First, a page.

By Mike Mulcahy
Part of's Republican National Convention coverage.

The Thursday night convention may have set a record for the biggest blizzard of confetti and balloons.
(MPR Photo/Mike Mulcahy)

Now that St. Paul Mayor Norm Coleman has formed a committee that allows him to raise money for a possible race for governor in 2002, at least one of his potential rivals is asking whether Coleman should be allowed to keep his weekly radio show. Coleman is paid for doing the show every Saturday on KSTP-AM. The program is generally pretty bland, with Coleman and some guy named Billy, railing against such controversial topics as kids who kill, for example. Jesse Ventura did a talk show on KFAN-AM before he was elected but was forced to give up the show once he officially filed for office. If that standard applies to Coleman he doesn't have much to worry about. He could keep doing the program until July of 2002.


Reporters came up short Thursday night during George W. Bush's acceptance speech when the Philadelphia fire marshal declared the convention floor was too crowded and wouldn't let anyone in. Several journalists were caught outside and were furious. CBS News' Ed Bradley eventually ducked past security guards and sneaked onto the floor, but his camera crew wasn't as lucky. After a loud four-letter-word-filled argument they made a phone call to somebody (Dan Rather? Walter Cronkite?), and the CBS crew - and only the CBS crew - got in.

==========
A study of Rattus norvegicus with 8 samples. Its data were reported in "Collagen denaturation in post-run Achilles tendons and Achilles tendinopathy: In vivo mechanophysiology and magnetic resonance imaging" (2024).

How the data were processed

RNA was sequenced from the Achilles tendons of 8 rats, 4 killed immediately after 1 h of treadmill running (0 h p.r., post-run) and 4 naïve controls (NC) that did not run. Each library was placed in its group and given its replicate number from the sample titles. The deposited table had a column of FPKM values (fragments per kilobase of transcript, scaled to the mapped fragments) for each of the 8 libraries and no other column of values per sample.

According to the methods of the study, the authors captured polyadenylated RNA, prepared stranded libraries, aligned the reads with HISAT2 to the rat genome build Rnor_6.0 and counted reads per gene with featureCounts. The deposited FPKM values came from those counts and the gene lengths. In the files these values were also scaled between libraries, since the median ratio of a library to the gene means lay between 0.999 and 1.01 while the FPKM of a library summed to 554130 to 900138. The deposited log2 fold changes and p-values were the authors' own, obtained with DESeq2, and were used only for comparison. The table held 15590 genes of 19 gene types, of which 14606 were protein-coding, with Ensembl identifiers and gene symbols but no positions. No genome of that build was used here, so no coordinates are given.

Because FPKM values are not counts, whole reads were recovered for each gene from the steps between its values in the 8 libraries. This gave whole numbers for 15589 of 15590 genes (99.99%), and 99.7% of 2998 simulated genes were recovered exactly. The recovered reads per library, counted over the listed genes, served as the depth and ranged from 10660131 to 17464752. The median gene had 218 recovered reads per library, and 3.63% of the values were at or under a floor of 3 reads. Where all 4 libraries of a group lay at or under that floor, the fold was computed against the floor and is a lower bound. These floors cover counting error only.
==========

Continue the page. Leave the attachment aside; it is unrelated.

The Republican National Convention was a huge event that cost millions of dollars. Who paid? Some of the country's biggest corporations, many of them with issues pending before Congress and other government agencies. Microsoft, which was sued by the Justice Department on anti-trust charges, donated $1 million to the convention. So did General Motors, Bell Atlantic, Comcast, Motorola, AT&T and others. US Airways, which has a merger pending with American Airlines, donated $500,000. Philip Morris kicked in $250,000. This doesn't count the money PACs donated to candidates and parties. Many of the same companies will be putting up similar amounts for the Democratic National Convention in LA in 10 days.

It's all legal, but what do companies who spend that much expect in return?